2. Journe and Moser are definitely a bit of you. I know you aren't massive on PP but there's got to be a calatrava with your name on it. Now, neither recommending nor discouraging a few brands that might fit your criteria... Maurice Grozmann, Ulysse Nardin, Breguet, Girard Perrigaux, Habring, Parmigianni, piaget, L. Leroy.
  3. I try not to wear my Rolexs for work since people recognize them, suddenly they think I am earning too much money or something and try to squeeze me like an orange till my pips squeek.
  4. I try not to wear my Rolexs for work since people recognize them, suddenly they think I am earning too much money or something and try to squeeze me like an orange till my pips squeek. I try not to wear my Rolexs for work since people recognize them, suddenly they think I am earning too much money or something and try to squeeze me like an orange till my pips squeek.
  5. I don't normally advise TAG and personally don't own one but have you looked at a Monaco? The reason I ask is because they come up much larger that the size sugests, they do suit a bigger wrist, they have some history and associations to Steve McQueen which makes it one of the more iconic models, pre-owned it fits your budget perfectly and it might be something you didn't try yet. For reference no copyright infringement intended... if you check these on Chrono24 or somewhere you will do better than the price of this one.
  6. £60 or £70 fills it... And of course you don't need to service a watch every year.
  7. Service = less than filling the car up once a year. In the grand scheme of things not worth factoring in.
  8. If I remember correctly, and it has been many years since I was unfortunate enough to cross paths with one of these watches they were akin to Kraug Baumen in that they were always advertised at silly prices and then heavily discounted...I think the adverts they used to run in the magazines what the bulk of what you were paying for.
  9. I am a bit of a brand snob for the following reason... I used to work in a pawnbrokers and tell people everyday how much money their watch has lost. Now my brand loyalties and preferences were built in the 90s and early 00s and thus I tend not to like the more recent brands... I prefer omega to Breitling by a long way and I prefer Brietling to Tag by an equally large margin. In my head I have a pretty strong feeling of hierarchy between the brands and in each brand I have a heirachy of models... A Breitling Navitimer jumps well above the level of most Breitlings. As I said on another thread I would go for a blue chip brand as a new collector, something known with a decent history. It's not to say you won't lose money on it but as least if you need to sell it then it's going to be possible... Get something really obscure and you might be waiting forever if you ever want to move it on. I won't bore you will my full list of preferences but I know which watches spoke to me in the past, which were a nightmare, which I made profit on an which were losses. IWC is an exceptionally hard sell yet it is a very well respected brand... Kind of an oxymoron, I could suffer a vintage watch from them but I wouldn't be recommending much of their more current stuff.
  10. I feel your pain. Personally I ticked many of the boxes though I don't have anything in platinum, have you seen the prices for anything decent in platinum? That's pressure.... Remember collecting is a journey, its not about how quickly you reach the goal because when you reach it you may well set yourself another one. Also if a piece is good its not about how often you wear it so don't feel guilty.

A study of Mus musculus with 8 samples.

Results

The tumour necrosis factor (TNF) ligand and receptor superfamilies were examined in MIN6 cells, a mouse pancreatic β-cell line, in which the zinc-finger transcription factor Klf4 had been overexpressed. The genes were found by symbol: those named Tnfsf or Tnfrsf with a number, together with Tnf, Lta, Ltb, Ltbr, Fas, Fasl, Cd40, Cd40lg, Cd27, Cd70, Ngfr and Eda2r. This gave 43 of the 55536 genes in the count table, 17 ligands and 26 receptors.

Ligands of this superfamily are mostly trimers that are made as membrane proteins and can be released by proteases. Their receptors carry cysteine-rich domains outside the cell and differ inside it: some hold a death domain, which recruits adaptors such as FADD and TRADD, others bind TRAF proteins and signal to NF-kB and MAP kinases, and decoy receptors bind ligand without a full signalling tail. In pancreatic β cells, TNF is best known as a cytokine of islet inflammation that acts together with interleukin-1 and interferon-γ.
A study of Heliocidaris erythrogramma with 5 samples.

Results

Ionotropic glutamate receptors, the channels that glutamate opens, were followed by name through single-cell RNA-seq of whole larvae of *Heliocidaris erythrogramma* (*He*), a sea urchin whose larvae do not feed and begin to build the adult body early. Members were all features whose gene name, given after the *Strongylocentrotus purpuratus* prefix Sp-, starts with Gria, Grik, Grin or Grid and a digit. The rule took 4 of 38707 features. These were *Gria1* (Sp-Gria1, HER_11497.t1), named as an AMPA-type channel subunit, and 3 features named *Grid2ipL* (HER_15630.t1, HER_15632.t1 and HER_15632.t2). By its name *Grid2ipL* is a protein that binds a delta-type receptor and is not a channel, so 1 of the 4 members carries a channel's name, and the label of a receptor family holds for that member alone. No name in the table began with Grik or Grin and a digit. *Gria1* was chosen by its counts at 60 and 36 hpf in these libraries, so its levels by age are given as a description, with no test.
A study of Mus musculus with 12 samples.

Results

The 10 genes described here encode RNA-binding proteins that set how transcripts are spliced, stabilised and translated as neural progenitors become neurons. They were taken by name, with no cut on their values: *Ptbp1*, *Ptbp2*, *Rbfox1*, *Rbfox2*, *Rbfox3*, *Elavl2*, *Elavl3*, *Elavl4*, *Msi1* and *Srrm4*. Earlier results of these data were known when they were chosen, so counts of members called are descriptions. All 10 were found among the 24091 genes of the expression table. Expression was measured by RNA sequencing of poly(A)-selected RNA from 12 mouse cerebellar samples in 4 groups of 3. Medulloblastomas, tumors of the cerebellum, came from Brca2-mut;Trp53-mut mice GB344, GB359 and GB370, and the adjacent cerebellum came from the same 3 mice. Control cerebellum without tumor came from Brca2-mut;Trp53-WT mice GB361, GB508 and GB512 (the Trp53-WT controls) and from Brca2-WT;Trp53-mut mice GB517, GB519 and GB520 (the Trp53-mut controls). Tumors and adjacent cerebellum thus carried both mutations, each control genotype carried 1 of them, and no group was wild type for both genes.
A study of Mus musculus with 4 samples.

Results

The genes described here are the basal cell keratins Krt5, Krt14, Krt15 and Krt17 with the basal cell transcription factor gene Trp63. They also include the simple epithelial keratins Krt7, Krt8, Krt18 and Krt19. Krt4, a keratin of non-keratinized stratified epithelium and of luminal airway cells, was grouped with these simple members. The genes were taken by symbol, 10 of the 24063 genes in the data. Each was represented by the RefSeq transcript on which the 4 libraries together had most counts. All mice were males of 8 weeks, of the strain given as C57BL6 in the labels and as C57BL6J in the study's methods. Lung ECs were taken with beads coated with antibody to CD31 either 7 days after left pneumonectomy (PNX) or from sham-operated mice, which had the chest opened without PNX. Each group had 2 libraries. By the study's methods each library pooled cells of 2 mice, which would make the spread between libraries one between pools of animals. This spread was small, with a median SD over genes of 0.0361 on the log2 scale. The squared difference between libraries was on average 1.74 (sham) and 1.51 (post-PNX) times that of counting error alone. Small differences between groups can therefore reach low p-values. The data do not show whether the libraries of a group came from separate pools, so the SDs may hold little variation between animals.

11. The Aquis will suit your wrist, its a bit big for me.
  12. Its a pretty watch and Oris usually offers great value if you could get hold of one. Its a quality brand that flies under the radar and doesn't get the credit it deserves sometimes. That blue dial is pretty vivid, I cant think of anything that looks exactly like it but I think Chopard do a Mille Miglia in a blue dial that might be worth a look. Neither of these are particularly strong in terms of resale if that is of interest at all but I am not thinking that is your priority, and not in my thinking when I mention such things.
  13. Servicing needn't cost anything like that. Unless you are about to sell the watch and want a main dealer to repair it then its just money spent that you will never recoup. Use a decent independent like Russel Tallerman and you will be paying less than half the costs for a service which is just as good. Personally I don't believe in servicing too often unless there is a problem or you are relying on having the waterproof for diving or something. Though I wouldn't stretch it into the decades despite the wonders of modern lubricants that alledgedly dont dry out.
  14. I had a mechanical seamaster chrono once and didn't get on with it due to it being a heavy lump of a thing I didn't find it comfortable. Though with a wrist 3/4 inch smaller than yours maybe you won't find it so. The speedmaster is good but be aware its not waterproof and is a manual winder. I am not a big fan of Breitling, so my preference would be towards Omega but I did quite like the Chronomat that I once owned. Personally I would ignore suggestions of Hanhart or Tutima and stay more with blue-chip brands... Zenith El-Primera might be worth consideration since it's an iconic and inventive chrono (the first automatic kind hence the name) though I don't know how it will wear on a bigger wrist.
  15. This is my one which is also a pie-pan as above. I also have a fondness for the later 1990's bicolour steel version with its integral bracelet. Just because it's a slim dressy watch which is very of its time.